Plants are sedantary living things generally lacking the power of locomotion. But they possess the property of irritability i.e. the ability to respond to an external or internal stimulus. This causes some kind of movement in plants, which is generally a very slow movement and often escapes notice by the human eye. But these movements can be actually demonstrated by a technique called time - lapse motion picture photography or by simply observing the plant at intervals of several hours and noting the changes in positions of the plant organs. The movements showed by plants can be classified broadly as (1) Hygroscopic-due to loss or gain of water and (2) Vital-due to irritability of the cytoplasm.
The vital movements may be further subdivided as follows.
I. Movements of Locomotion
These are generally very fast movements which may be (A) autonomic or Spontaneous and (B) induced or Paratonic. These movements are very common among lower plants and mostly exhibited by unicellular organisms. These movements are relatively faster and more pronounced.
(A) Autonomic Movements : The spontaneous locomotory movements may be
(i) Ciliary : due to beating of cilia as in Paramecium.
(ii) Amoeboid : by the formation of pseudopodia as in Amoeba.
(iii) Cyclosis : due to streaming of cytoplasm.
(iv) Gliding : as seen in Hydra.
(B) Paratonic movements
The induced locomotory movements are also called tactic movements induced by external stimuli. Based on the nature of stimuli, these may be of three types :
(i) Phototatic movement :
Seen in zoospores and gametes which are provided with a light sensitive eyespot which is attracted by low light intensities.
(ii) Thermotactic movement :
Movement in response to heat stimulus is seen in certain motile algae like Chlamydomonas which moves from a colder to a warmer place.
(iii) Chemotactic movement :
In bryophytes and pteridophytes, the swimming antherozoids are attracted towards the archegonium by chemical stimuli such as organic substances like sugar, malic acid and so on.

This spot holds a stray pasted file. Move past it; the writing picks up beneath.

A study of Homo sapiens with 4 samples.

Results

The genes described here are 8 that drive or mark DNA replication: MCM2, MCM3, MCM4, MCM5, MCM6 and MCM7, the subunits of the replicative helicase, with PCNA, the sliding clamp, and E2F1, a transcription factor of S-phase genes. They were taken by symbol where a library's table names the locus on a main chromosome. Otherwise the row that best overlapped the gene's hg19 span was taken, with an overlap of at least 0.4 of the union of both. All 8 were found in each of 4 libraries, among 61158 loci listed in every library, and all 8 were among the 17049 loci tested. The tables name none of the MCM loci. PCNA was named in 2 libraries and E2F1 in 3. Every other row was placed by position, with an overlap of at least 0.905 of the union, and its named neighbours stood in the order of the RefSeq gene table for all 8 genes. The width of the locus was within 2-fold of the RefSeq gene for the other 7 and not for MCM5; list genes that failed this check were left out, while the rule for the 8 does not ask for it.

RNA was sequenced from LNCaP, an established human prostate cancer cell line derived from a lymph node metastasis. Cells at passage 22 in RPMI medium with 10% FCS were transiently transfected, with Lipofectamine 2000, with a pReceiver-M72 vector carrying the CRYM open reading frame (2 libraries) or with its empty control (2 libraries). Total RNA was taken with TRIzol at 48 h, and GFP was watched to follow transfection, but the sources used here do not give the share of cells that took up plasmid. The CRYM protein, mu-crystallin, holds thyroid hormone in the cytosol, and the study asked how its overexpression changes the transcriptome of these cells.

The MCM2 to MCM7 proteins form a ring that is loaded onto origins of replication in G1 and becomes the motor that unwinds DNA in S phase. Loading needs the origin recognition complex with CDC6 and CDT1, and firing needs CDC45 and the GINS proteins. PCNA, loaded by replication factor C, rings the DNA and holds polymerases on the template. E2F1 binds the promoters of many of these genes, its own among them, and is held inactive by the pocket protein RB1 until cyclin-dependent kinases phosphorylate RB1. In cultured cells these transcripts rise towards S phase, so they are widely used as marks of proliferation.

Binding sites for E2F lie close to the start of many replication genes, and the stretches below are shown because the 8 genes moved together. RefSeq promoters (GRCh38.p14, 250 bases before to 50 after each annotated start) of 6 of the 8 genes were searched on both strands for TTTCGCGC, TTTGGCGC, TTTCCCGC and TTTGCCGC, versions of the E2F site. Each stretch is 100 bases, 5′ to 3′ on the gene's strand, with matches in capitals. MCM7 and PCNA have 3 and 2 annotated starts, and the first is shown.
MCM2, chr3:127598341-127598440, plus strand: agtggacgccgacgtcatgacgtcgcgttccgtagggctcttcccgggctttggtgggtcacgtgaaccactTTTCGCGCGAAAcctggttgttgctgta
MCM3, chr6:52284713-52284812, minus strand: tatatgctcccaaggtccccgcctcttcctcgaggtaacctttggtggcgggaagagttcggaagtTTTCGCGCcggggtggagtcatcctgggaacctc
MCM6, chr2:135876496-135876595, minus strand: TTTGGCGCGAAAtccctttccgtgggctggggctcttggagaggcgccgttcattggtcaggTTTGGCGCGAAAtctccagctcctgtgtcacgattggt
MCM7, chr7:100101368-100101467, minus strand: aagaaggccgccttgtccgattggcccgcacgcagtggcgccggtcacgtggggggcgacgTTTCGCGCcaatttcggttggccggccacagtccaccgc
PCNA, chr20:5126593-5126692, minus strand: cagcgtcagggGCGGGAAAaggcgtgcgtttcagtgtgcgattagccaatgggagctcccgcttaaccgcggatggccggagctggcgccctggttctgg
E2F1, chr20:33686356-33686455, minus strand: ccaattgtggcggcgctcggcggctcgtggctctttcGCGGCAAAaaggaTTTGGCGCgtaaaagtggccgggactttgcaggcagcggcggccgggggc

(iii) Movements of curvature
These movements are generally exhibited by higher plants which remain anchored in one place. These can change or move the position of their organs by means of curvature. These types of movements may be further classified as (A) Movements of growth and (B) Movements of Variation.
(A) Movements of growth :
There is a change in the position of the organ either due to increase in number of cells or enlargement of cells or both. These movements can be Spontaneous or Autonomic and Induced or Paratonic.
(ii) Spontaneous growth movements :
These include the (1) Nastic and the (2) Nutational movements
(1) Nastic Movements
These movements are generally observed in leaves, flowers, petals and bud scales. In these structures at
some stage of development, growth in one surface is more than the growth on the other surface. There may be two types of such movements :
Epinasty : If the upper or inner surface has more growth, the movement is called epinasty. An example for epinasty is the opening up of a flower and the drooping of a bud.
Hyponasty : This indicates rapid growth on the abaxial or lower side of an organ. An example for this is the unfolding of a fern frond and closing of a flower.
(2) Nutational Movement
This is an irregular movement shown by growing tips as they elongate. In tendrils and runners, there is a spiral type of growth of the stem apex called circum nutation. Ordinarily, nutational movements occur due to alternate change in the opposite sides of the apex. These movements are very slow and cannot be clearly seen.
(ii) Paratonic growth movements
These are the induced movements of growth caused by external stimuli such as gravity, light, water or contact. The movements show a directional relation to the stimulus. The stimuli are effective in causing growth movements only when they are unidirectional. Such movements are generally known as tropic movements and the phenomenon is referred to as tropism. Based on the nature of stimulus, tropisms may be of various types.